Using Dual-languages in the Classroom
When students are invited to use their first language in class as well as English, they will be able to draw on their strengths, including existing academic, linguistic, and cultural knowledge. This will also bring further diversity into the classroom, as English-speaking students will be exposed to more than one language and culture. Many common classroom activities and assignments can be adapted and enriched so that students have the option of using more than one language.
Students benefit academically and socially, and their self-esteem is enhanced, when encouraged to maintain and develop proficiency in their first language while learning English. Language skills and conceptual knowledge are generally transferable from one language to another.
From the second language student’s point of view, learning on the basis of established skills and known experiences provides a reassuring context in which to acquire new skills and concepts. (Genesee, 1994)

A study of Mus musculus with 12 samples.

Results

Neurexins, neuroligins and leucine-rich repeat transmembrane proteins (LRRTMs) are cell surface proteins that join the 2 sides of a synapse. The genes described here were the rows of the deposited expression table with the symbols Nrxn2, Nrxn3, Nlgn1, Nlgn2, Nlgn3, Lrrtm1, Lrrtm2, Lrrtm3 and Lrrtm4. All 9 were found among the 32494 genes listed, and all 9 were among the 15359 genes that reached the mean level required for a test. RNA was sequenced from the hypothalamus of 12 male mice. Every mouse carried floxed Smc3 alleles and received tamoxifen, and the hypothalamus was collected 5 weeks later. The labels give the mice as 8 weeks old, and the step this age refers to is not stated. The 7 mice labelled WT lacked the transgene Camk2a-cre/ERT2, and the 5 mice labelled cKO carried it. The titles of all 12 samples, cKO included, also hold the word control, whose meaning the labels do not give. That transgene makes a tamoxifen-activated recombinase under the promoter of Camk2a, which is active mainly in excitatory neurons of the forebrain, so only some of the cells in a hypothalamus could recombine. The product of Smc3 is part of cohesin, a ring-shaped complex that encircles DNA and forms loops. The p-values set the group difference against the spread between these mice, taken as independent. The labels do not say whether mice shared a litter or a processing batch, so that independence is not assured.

Effective dual-language strategies:
- Encourage students who are beginning to learn English to write in their own language for example, in initial journal responses.
- Invite English language learners to develop ideas in their first language for example, mind mapping.
- Give students opportunities to work with same-language partners for example, think, pair, and share in first language.
- Develop activities that take advantage of the first languages for example, comparing numbers in various languages.
- Encourage students to produce dual-language assignments for example, create dual-language books.
The preceding resource was adapted from Many Roots, Many Voices by the Ontario Ministry of Education.